Monday, February 22, 2010

Urban News Vol. 58

The Democrat and Chronicle released a special report on the state of downtown in yesterday's print and online editions.

Downtown: Despite Recession, City Gears for Big Plans
by Brian Sharp and Jim Stinson

Article Key Points:

  • Recession compromising speed of downtown redevelopment
  • 220 workers inside Midtown prepping for demolition
  • $200 million deal in negotiation for Sibley Building
  • 11 corporate HQs have either expanded, moved, or plan to move downtown
  • Scope of development could rise if Cultural Center Commission acts on $20M, 74 housing unit project near Eastman
  • Half of the $752M worth of projects in process or in planning are private
  • Today's downtown includes 2,700 residential units (4,000 people), 600+ units in the pipeline
  • Downtown population has doubled in the past 20 years, 21 structures renovated for apartments in the past 10
  • Today 15 renovations are proposed or underway, with Midtown Tower accounting for roughly half of the 45 For-Sale units
  • 97% of downtown housing is currently rental
  • Patrick Dutton has sold 6 of 19 Capron Lofts, needs one more to satisfy lenders and proceed with further construction
  • Lending from banks has largely ceased for less endowed developers such the Wood's Chestnut St. effort.
  • $4M overhaul of the Kirstein building will add 191 apartments to the north side of downtown
  • Experts claim retail will follow a critical mass of residents and offices

There is an awful lot here, and an awful lot that speaks for itself (The Kirstein Development is within WALKING distance of the Amtrak station! A pedestrian gateway to Chicago, Toronto, Boston, and New York). I will focus on a couple of themes I noticed that are troubling and reflect some dangerous attitudes with respect to downtown development.

The first is with respect to the quote, "In five years, if you walk to Main and Clinton, you won't recognize the landscape." This is the kind of potentially misguided exuberance that saw heads of goverment smiling as they laid the first blow of a sledgehammer into opulent movie houses in the name of "progress." The same thing could have been said 50 years ago at the corner of Clinton and Broad and look how that turned out. Yes, Midtown turned its back to the street, but some of its constituent components, namely the former B. Forman Building, represented the last fully functioning retail on all of Clinton Avenue as recently as two years ago. That original street treatment is worth saving or at least emulating going forward. It's important to break up that block, but some selective diligence (as was seen in the decision to save the tower) should be done to ensure what we are looking for doesn't already exist. To finish with a 'green' cliche, the greenest building is the one that is already built.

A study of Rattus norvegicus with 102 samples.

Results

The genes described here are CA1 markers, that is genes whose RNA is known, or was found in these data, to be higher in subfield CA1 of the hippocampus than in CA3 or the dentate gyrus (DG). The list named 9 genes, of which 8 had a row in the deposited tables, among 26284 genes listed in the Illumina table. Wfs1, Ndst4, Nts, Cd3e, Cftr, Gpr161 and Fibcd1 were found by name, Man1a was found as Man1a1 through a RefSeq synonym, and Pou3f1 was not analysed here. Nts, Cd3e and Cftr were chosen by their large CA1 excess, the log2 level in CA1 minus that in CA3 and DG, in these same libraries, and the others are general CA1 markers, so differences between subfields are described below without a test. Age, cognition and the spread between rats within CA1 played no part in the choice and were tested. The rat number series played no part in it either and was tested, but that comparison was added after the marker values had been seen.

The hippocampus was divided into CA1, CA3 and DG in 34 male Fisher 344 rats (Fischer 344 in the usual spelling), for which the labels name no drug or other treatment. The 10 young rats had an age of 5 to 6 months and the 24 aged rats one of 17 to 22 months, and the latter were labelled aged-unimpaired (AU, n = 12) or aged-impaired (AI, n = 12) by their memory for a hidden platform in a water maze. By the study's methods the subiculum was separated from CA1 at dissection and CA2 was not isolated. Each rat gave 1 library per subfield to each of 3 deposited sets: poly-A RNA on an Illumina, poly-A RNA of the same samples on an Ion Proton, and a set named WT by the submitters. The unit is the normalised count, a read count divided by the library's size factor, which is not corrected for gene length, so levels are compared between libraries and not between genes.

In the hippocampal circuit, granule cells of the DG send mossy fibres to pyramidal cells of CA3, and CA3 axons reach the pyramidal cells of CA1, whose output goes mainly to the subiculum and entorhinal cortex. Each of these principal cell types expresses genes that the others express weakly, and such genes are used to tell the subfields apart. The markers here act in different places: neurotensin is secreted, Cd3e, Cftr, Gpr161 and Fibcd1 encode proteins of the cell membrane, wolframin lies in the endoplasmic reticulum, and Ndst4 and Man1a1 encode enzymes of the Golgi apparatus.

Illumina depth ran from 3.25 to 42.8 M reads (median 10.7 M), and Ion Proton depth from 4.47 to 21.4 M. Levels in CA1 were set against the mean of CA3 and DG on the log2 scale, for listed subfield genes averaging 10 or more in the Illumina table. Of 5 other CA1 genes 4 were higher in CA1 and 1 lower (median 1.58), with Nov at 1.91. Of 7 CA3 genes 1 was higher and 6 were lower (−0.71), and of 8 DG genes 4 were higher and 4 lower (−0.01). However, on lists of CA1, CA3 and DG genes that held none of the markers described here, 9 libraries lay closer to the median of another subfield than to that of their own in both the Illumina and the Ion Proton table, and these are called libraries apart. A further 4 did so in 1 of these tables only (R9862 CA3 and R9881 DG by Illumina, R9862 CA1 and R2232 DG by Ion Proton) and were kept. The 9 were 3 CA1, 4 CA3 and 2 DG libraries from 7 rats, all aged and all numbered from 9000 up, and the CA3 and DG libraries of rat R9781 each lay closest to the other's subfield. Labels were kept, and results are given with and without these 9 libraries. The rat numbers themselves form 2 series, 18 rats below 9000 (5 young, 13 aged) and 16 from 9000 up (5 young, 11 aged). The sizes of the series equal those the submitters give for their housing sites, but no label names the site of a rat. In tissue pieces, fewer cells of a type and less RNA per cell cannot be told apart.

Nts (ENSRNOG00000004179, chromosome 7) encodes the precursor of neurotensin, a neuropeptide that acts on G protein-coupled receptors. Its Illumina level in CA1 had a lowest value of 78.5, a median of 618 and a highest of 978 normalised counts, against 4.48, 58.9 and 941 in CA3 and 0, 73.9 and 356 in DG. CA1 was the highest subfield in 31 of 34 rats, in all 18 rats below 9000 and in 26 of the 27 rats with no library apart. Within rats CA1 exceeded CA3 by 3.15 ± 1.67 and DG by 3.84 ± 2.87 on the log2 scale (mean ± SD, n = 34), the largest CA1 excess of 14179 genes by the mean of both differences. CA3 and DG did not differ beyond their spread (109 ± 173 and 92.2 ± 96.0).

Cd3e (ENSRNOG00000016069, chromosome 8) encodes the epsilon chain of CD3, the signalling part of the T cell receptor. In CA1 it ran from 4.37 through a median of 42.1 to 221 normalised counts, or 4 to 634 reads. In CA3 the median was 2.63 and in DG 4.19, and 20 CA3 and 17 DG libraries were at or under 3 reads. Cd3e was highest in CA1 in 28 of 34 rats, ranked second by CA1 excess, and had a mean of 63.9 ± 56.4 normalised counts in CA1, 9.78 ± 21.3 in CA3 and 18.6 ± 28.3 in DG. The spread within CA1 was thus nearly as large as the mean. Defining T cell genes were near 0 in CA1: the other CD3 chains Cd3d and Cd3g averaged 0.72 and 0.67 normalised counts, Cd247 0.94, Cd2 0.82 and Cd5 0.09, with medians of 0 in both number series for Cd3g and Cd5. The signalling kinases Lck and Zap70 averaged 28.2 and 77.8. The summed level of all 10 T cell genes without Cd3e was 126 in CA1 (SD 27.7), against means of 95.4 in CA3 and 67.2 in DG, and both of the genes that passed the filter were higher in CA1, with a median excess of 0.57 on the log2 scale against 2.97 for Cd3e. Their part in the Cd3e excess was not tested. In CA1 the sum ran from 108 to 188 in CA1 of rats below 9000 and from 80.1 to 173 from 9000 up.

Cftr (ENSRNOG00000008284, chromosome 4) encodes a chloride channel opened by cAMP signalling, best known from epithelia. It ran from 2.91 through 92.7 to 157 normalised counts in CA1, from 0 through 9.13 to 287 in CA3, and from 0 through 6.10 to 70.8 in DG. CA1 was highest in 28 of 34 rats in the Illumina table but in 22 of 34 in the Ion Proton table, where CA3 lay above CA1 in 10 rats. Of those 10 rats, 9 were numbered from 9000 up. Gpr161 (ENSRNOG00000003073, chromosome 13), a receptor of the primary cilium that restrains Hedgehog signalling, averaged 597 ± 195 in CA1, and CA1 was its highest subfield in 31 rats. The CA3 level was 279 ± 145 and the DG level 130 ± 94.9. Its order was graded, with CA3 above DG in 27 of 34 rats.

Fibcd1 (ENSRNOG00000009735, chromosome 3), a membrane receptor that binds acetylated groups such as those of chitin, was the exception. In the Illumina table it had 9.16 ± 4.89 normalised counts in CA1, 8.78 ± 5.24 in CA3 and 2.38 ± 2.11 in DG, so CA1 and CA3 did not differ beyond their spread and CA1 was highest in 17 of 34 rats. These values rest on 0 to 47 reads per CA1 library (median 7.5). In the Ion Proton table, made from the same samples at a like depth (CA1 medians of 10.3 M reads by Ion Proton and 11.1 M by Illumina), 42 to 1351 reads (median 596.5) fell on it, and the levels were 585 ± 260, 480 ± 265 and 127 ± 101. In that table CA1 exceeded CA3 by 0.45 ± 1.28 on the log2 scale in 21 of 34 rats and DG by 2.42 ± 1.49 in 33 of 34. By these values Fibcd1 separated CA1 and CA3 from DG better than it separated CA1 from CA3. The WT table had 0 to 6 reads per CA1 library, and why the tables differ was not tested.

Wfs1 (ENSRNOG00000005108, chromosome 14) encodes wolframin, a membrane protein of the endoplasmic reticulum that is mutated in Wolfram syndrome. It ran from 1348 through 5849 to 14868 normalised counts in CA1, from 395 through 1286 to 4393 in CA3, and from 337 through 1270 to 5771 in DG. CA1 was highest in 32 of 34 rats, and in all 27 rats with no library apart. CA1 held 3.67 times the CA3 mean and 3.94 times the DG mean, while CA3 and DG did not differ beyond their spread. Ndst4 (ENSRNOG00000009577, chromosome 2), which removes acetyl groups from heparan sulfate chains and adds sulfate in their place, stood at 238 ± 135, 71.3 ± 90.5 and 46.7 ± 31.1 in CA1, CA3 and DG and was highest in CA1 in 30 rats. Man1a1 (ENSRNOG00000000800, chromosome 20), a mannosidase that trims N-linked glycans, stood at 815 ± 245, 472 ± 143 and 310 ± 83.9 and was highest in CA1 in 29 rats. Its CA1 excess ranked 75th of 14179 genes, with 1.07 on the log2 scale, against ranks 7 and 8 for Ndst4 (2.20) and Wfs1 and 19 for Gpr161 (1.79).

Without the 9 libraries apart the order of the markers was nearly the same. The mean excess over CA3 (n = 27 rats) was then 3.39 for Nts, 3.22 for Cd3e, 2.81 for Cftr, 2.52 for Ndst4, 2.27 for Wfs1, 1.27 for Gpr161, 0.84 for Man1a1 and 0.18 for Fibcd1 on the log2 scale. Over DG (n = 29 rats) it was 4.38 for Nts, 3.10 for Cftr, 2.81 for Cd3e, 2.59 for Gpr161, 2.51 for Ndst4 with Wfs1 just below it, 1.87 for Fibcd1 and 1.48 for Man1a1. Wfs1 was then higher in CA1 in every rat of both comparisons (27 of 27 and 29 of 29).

This brings me to my second minor criticism. Twice in the piece, the phrase "tired storefronts" is used to describe those on the northwest corner of Main and Clinton and extending westward on Main. Where some see a tired storefront, others see a redevelopment opportunity. Phase 2 of the Mills at High Falls project seeks historic designation for pre-1900 buildings lining State Street directly across from Kodak Headquarters. An 83 year old building on Arnett Blvd. in the 19th Ward was the renovation target of a Perinton entrepreneur. The once deteriorated Harry Foreman Building at 116 St. Paul is now a shining example of the original mixed-use paradigm. Its owners reside on the 3rd floor, rent out apartments on the 2nd, and commercial space at street level. I once slammed a man named Andrew Stainton regarding Renaissance Square and its transit implications. Part of Mr. Stainton's anti-RenSquare platform was historical preservation and he was 100% correct in that area. To quote a planner friend of mine, "Nobody does superblock projects anymore." These buildings aren't just an important piece of our city's past, they possess that elusive 'character' that loft developers can never duplicate with today's building materials or designs. Hell these buildings already are residential/office over retail (pictured, above left)!

On the streetcar front, Mike of is attempting to arrange a meeting of interested stakeholders in the comment thread immediately following his wonderfully crafted "Rochester's Case for a Streetcar Line." In the meantime, I've been working on some artwork in support of the project. Embedded to the right is an early sketch of what a Rochester Streetcar might look like plying Main Street. I've obviously got a lot left to do. Will post the finished version in the near future.